THREATENED
 


Gratiola heterosepala flowers
Gratiola heterosepala plants
Gratiola heterosepala habitat
Flowers (left), habit (center), and habitat (right) of Boggs Lake hedge hyssop. Photos by Thomas Kaye. If downloading images from this website, please credit the photographer.

Family
Plantaginaceae

Plant description
Boggs Lake hedge hyssop is a semi-aquatic annual with erect, striate stems 2-10 cm high, stout, tubular, and glabrous below, slender above, and glandular-pubescent in the inflorescence. Leaves are opposite, each pair arranged on the stem at right angles to the pair above and below, the lowermost linear-lanceolate and 1-2 cm long, the upper reduced, obovate, rounded or emarginate, and 2-5 mm long. Flowers are few and borne on slender, erect, glandular-pubescent pedicels lacking bracts. Sepals are unequal, the lower two distinct, 4-6 mm long, oblong, obtuse, and emarginate, the upper three fused for 1/3 their length or more, the middle lobe emarginate, broader and longer than the lateral two. The corolla is tubular and 5-lobed, 6-8 mm long, the lobes 1-2 mm long, the upper pair yellow and fused nearly to the tip, the lower three white with deeper sinuses. The corolla tube is yellow, somewhat curved, quadrate, exceeding the calyx, and pilose with gland-tipped hairs on the external surface and a few simple hairs within. Stamens 2, with short, slender filaments attached approximately midway on the tube below the upper pair of corolla lobes. The capsule is pear-shaped, about equaling the persistent calyx.

Distinguishing characteristics
Two other Gratiola species overlap in range with Boggs Lake hedge hyssop: G. ebracteata and G. neglecta. Gratiola ebracteata is distinguished from Boggs Lake hedge hyssop by entirely white or purplish corolla lobes and sepals that are longer, pointed, and separate nearly to their bases; G. neglecta is distinguished by entirely white or purplish corolla lobes, corollas often more than two times the length of the calyces, and calyces immediately subtended by a pair of bractlets.

When to survey
Surveys for Boggs Lake hedge hyssop should be completed when the species is flowering, from April to July, depending on conditions.

Habitat
Boggs Lake hedge hyssop occurs in vernal pools, marshy regions on the margins of reservoirs and lakes, and in human-made habitats including borrow pits and cattle ponds, most often in clay substrates. In Oregon, it occurs in seasonal wetlands within an area of open juniper and sagebrush at 1630 m (5360 ft).
 
Associated plant species at the Oregon site include Downingia laeta, Eleocharis palustris, Epilobium pygmaeum, Marsilea vestita, Plagiobothrys scouleri, Psilocarphus brevissimus, and Veronica sp. The most frequent associate of Boggs Lake hedge hyssop throughout its entire range is Gratiola ebracteata.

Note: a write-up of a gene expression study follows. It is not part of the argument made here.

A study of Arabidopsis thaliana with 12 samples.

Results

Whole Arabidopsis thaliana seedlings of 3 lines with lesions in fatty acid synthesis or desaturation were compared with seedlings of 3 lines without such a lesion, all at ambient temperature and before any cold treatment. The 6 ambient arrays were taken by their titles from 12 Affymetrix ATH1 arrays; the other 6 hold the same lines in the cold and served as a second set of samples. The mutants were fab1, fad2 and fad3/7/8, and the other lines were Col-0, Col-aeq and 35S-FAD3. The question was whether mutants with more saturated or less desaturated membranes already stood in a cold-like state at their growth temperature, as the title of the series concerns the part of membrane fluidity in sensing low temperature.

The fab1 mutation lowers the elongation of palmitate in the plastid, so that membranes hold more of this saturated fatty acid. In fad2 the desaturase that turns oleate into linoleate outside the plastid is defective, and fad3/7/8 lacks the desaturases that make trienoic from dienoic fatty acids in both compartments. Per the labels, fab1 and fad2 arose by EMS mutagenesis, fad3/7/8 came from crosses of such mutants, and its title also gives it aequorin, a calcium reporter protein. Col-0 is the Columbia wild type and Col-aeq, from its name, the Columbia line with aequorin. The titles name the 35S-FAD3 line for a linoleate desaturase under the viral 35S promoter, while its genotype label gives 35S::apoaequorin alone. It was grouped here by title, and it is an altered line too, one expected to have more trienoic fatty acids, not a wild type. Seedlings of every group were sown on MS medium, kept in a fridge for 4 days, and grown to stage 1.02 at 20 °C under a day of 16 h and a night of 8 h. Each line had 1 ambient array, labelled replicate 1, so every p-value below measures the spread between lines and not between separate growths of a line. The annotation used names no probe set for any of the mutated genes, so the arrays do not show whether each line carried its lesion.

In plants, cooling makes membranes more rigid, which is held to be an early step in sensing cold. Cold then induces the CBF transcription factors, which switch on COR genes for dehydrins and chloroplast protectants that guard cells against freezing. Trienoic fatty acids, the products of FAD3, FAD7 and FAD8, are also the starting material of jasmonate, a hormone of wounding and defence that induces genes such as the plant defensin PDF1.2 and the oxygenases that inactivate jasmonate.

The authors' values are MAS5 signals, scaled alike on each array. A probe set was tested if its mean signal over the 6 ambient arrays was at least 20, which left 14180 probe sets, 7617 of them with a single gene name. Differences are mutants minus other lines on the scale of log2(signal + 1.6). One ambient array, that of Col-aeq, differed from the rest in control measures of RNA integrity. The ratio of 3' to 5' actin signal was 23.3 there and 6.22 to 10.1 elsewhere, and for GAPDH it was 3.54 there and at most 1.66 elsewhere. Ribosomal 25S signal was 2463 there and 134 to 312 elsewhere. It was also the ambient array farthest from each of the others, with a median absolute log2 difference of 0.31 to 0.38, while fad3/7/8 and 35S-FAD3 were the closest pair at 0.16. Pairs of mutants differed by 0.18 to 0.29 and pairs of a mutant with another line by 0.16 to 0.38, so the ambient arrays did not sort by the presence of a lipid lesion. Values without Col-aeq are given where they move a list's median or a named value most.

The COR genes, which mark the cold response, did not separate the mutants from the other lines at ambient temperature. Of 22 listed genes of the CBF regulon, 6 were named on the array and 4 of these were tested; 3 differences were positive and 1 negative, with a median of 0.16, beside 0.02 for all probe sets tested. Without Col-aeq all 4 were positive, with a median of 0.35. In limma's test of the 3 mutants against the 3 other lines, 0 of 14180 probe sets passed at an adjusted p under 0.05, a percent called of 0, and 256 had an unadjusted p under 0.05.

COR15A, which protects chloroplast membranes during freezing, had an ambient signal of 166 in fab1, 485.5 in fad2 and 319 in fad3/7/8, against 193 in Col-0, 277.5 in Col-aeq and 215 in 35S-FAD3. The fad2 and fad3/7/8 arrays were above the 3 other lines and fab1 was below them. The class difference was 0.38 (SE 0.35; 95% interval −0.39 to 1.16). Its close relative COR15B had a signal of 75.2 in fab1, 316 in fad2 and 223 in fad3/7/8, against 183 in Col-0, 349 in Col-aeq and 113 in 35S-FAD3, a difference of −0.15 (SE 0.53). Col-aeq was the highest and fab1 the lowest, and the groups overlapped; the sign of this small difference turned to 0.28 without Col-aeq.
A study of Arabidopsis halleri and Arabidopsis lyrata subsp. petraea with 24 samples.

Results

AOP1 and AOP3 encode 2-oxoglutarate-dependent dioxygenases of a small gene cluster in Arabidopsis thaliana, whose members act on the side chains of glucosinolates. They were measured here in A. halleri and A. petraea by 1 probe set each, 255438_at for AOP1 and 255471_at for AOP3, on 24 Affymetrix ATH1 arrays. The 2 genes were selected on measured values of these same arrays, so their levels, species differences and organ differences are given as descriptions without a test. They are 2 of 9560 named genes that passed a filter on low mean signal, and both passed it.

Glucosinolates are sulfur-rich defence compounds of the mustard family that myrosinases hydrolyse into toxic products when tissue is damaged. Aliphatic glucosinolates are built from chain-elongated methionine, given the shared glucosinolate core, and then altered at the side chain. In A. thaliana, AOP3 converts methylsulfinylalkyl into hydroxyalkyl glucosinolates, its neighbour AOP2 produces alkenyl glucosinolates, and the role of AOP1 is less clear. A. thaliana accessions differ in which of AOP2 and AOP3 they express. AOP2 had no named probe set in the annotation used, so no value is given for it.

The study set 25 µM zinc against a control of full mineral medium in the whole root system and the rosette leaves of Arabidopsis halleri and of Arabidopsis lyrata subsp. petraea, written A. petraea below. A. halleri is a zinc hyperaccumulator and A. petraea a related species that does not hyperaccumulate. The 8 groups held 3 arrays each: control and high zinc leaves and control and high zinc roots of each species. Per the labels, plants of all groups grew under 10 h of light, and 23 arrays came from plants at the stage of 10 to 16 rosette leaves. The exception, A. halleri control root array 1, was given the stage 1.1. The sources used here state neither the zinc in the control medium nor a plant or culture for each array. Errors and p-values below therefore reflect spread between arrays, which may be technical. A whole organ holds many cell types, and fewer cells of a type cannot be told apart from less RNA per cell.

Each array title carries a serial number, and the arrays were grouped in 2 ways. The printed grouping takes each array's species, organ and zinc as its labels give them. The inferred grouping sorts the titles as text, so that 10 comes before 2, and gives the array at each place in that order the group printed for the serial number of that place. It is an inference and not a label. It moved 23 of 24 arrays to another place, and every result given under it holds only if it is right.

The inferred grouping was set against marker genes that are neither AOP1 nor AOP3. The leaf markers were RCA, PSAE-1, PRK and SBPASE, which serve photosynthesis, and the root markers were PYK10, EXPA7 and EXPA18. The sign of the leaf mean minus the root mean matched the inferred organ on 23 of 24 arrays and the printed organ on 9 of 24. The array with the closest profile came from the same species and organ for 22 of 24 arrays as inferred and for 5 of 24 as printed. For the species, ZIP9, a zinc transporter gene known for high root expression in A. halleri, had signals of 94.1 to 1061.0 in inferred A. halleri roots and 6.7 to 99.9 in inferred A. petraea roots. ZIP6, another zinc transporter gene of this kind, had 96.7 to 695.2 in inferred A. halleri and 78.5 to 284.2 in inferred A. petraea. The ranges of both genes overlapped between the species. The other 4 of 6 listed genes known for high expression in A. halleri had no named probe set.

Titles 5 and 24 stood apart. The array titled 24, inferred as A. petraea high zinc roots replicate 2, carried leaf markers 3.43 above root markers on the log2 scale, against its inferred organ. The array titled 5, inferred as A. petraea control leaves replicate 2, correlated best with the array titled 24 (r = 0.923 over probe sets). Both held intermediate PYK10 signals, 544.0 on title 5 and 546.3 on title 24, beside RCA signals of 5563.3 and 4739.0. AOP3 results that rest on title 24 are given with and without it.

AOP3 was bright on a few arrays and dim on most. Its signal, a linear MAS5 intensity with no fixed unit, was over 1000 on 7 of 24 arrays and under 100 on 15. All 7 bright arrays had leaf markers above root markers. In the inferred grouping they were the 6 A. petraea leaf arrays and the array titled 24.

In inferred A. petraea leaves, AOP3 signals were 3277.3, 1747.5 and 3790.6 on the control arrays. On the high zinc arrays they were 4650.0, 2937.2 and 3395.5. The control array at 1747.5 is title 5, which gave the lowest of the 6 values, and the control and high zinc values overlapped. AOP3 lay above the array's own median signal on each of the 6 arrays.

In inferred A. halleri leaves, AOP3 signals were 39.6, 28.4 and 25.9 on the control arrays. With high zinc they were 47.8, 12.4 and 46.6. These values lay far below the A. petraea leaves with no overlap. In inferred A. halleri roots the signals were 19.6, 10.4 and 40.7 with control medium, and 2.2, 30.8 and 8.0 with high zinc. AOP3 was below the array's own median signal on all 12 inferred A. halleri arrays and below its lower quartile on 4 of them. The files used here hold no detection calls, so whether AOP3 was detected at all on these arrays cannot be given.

In California, wetlands containing Boggs Lake hedge hyssop occur among annual grassland, Quercus woodland, Juniperus woodland, or coniferous forest at elevations ranging from 8-1580 m (25-5170 ft).

Range
Boggs Lake hedge hyssop is known from only one occurrence in Oregon, in southern Lake county near the California border, within the Northern Basin and Range ecoregion.
 
The vast majority of Boggs Lake hedge hyssop sites occur in California. These are primarily concentrated within the Modoc Plateau, with two secondary areas of occurrence located in the southeastern and northeastern portions of the Sacramento Valley. The species also occurs within the Southern Sierra Foothills, Solano-Colusa, Lake-Napa, and Northwestern Sacramento Valley Vernal Pool Regions.

Oregon counties
Lake

Federal status
Species of Concern

Threats
Habitat loss and degradation due to residential, commercial, and agricultural development is a major threat to this species. Additional threats include invasion by exotic weeds, particularly Taeniatherum caput-medusae; hydrological alterations such as excavation and damming; trampling by livestock; and road erosion. A number of Boggs Lake hedge hyssop occurrences are very small and are at risk of extirpation due to chance events.

Conservation planning
A U.S. Fish and Wildlife Service Recovery Plan for vernal pool ecosystems of California and Southern Oregon was released in 2005 and addresses conservation needs of Boggs Lake hedge hyssop.

Did you know?
Bogg’s Lake hedge hyssop was first collected from Lake County, California in 1923 but it was not described until 1954. For decades, the species was known only from Boggs Lake, California, until a new California site was discovered in 1961, followed by discoveries of sites throughout California beginning in the late 1970s. The Oregon occurrence of Boggs Lake hedge hyssop was discovered in 1980.

References
Mason, H. L. and R. Bacigalupi. 1954. A new Gratiola from Boggs Lake, Lake County, California. Madroño 12: 150-152.
 
Meinke, R.J. 1982. Threatened and endangered vascular plants of Oregon: An illustrated guide. Unpublished report for the U.S. Fish and Wildlife Service, Region 1, Portland, Oregon. Oregon Department of Agriculture, Salem, Oregon.
 
OFP (Oregon Flora Project). 2010. Oregon Plant Atlas. http://www.oregonflora.org/atlas.php. Accessed April 6, 2011.
 
ORBIC (Oregon Biodiversity Information Center). 2010a. Rare, threatened and endangered species of Oregon. Institute for Natural Resources, Portland State University, Portland, Oregon.
105 pp. Available at http://orbic.pdx.edu/documents/2010-rte-book.pdf (pdf document, 971 kB). Accessed December 13, 2010.
 
ORBIC (Oregon Biodiversity Information Center). 2010b. ORBIC element occurrence database. Portland, Oregon.
 
USFWS (U.S. Fish and Wildlife Service). 2005. Recovery plan for vernal pool ecosystems of California and Southern Oregon. Portland, Oregon. xxvi + 606 pages. Available at http://www.fws.gov/sacramento/ES/Recovery-Planning/Vernal-Pool/es_recovery_vernal-pool-recovery.htm. Accessed April 6, 2011.